Sustainable housing in Vietnam: Climate responsive design strategies to optimize thermal comfort

Type Thesis or Dissertation - Doctor in Architecture and Urban planning
Title Sustainable housing in Vietnam: Climate responsive design strategies to optimize thermal comfort
Publication (Day/Month/Year) 2013
URL analysis methods.pdf
Housing issue in Vietnam is still a big concern as in 2008, 72.2% of the existing
housing was semi-permanent or temporary and 89.2% of the poor did not have a permanent
shelter. As a response to sustainability, the global aim of this thesis is to develop design
strategies toward comfortable, energy-efficient housing with acceptable building cost.
Occupants’ thermal comfort is the key assessment criterion throughout the research.
First of all, the thesis develops a thermal comfort model for Vietnamese people
living in naturally ventilated buildings through the data from field surveys around SouthEast
Asia. This comfort model is then validated by survey data in Vietnam in 2012.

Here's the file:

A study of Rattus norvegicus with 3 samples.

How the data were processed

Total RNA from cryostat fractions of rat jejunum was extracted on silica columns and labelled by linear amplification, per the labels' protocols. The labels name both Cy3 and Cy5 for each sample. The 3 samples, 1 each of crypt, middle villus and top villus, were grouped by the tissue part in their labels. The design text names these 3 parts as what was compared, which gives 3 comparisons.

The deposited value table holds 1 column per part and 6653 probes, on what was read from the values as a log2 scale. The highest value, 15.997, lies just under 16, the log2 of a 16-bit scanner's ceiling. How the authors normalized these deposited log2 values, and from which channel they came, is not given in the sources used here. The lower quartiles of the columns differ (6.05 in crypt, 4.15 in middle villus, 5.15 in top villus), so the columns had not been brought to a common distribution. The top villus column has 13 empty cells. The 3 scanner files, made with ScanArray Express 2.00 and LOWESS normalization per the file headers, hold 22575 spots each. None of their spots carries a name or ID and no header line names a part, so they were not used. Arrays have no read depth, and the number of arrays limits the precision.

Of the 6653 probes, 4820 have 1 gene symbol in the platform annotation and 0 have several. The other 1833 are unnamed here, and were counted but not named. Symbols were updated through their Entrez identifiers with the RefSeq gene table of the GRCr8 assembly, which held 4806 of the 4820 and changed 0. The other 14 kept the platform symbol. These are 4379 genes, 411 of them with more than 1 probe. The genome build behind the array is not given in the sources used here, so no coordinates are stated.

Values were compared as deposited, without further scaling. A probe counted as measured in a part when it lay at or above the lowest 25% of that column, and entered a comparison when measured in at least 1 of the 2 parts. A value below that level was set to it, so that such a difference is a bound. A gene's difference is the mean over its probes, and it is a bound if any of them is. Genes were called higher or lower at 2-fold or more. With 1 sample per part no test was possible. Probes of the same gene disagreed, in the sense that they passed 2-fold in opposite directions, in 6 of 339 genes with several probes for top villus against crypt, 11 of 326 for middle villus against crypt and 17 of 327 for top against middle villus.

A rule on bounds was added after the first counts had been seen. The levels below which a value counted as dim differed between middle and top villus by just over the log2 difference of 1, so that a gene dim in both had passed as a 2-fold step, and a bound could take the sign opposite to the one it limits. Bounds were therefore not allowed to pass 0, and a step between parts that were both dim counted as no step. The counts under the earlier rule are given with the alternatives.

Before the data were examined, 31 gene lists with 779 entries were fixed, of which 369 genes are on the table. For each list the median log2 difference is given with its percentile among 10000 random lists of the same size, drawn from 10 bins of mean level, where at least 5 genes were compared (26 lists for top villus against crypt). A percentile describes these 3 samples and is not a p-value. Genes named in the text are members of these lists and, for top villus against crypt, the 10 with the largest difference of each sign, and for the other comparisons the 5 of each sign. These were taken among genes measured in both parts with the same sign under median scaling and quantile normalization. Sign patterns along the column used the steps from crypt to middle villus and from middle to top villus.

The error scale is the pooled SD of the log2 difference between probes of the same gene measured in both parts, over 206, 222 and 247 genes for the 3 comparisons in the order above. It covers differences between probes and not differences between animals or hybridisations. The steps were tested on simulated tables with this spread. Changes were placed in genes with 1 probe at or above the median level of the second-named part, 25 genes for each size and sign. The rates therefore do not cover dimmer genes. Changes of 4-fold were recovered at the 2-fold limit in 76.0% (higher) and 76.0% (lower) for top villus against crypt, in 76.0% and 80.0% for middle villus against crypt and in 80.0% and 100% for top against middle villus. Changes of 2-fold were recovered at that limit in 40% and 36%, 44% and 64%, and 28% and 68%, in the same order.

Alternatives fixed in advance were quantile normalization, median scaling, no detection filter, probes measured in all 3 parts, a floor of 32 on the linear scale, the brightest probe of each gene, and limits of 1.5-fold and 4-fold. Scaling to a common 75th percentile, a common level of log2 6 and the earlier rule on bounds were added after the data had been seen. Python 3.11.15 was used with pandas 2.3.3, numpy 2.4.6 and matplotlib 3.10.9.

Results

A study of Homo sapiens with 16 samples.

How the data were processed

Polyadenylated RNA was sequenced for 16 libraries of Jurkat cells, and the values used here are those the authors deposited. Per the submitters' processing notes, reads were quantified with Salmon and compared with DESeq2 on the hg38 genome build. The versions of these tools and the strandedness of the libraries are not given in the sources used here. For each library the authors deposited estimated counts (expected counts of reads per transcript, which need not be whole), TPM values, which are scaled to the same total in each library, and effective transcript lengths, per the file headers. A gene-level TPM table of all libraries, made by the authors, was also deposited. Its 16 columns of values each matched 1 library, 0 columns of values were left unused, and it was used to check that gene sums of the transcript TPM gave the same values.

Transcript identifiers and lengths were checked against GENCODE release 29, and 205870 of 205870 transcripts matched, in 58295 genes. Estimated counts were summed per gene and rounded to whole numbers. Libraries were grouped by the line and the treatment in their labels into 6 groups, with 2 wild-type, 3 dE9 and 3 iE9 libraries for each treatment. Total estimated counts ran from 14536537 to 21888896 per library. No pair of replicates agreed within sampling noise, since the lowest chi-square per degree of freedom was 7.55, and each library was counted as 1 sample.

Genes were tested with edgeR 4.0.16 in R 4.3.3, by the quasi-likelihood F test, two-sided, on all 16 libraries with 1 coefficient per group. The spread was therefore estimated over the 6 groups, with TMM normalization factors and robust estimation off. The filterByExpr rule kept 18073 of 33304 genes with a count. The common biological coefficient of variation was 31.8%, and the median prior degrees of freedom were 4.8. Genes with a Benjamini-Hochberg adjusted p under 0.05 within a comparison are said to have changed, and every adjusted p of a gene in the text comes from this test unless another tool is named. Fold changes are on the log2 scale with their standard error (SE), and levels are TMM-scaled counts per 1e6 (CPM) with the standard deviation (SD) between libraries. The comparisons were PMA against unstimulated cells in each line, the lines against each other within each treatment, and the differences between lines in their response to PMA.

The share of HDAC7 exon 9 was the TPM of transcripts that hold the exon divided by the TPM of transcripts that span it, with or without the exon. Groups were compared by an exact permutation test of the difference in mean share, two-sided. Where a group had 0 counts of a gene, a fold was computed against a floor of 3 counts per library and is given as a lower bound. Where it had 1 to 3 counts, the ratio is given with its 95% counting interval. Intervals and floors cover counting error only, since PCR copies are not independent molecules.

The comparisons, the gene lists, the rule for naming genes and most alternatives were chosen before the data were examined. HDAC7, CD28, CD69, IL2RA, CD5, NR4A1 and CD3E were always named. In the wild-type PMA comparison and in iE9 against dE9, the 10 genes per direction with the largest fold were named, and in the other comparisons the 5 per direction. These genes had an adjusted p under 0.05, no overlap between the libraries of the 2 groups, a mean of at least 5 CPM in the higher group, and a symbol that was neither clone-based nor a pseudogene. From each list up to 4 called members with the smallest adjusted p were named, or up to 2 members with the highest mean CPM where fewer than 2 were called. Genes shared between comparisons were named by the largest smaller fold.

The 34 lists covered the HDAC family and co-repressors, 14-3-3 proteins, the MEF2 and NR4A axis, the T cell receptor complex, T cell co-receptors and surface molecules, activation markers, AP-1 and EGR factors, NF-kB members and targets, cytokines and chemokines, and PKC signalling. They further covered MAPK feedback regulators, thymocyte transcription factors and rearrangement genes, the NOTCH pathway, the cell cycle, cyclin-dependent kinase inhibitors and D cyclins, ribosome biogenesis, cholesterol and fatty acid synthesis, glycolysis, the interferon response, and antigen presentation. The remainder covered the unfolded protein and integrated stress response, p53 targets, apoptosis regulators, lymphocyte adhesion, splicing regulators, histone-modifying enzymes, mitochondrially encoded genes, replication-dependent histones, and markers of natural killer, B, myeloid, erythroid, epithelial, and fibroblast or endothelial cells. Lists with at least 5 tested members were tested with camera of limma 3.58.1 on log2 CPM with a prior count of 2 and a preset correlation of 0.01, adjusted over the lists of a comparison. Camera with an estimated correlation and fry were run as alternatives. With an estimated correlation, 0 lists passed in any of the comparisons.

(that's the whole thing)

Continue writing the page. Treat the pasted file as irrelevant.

A new simple climate analysis tool is developed, used to analyze the climate of 3
regions in question and to draw preliminary design guidelines. A comprehensive study on
climate responsive design strategies of vernacular housing in Vietnam is also carried out.
The results to some extend reveal the remaining values of vernacular architecture and
provide valuable lessons for modern applications.
Three most common housing prototypes in Vietnam are selected. Afterward a
comprehensive framework is implemented to derive thermal performances of 3 typical
housing types. Various techniques (in situ monitoring, building thermal simulation, CFD
and airflow network model, numerical model calibration, parametric simulation method) are
employed to improve the thermal performances and natural ventilation of these houses.
The sensitivity of building performance to the design variables is outlined by Monte
Carlo-based sensitivity analysis. The thermal performances of the reference cases are
optimized using the simulation-based optimization method and the most influential design
variables. Optimization results show the best combinations of design strategies for each
climatic region. The performances of the optimal solutions are compared with the
references, providing an insight of the efficiency of this approach in building design.
Finally, the different objectives yielded in this thesis are summarized. The possible
future extensions of this research are outlined.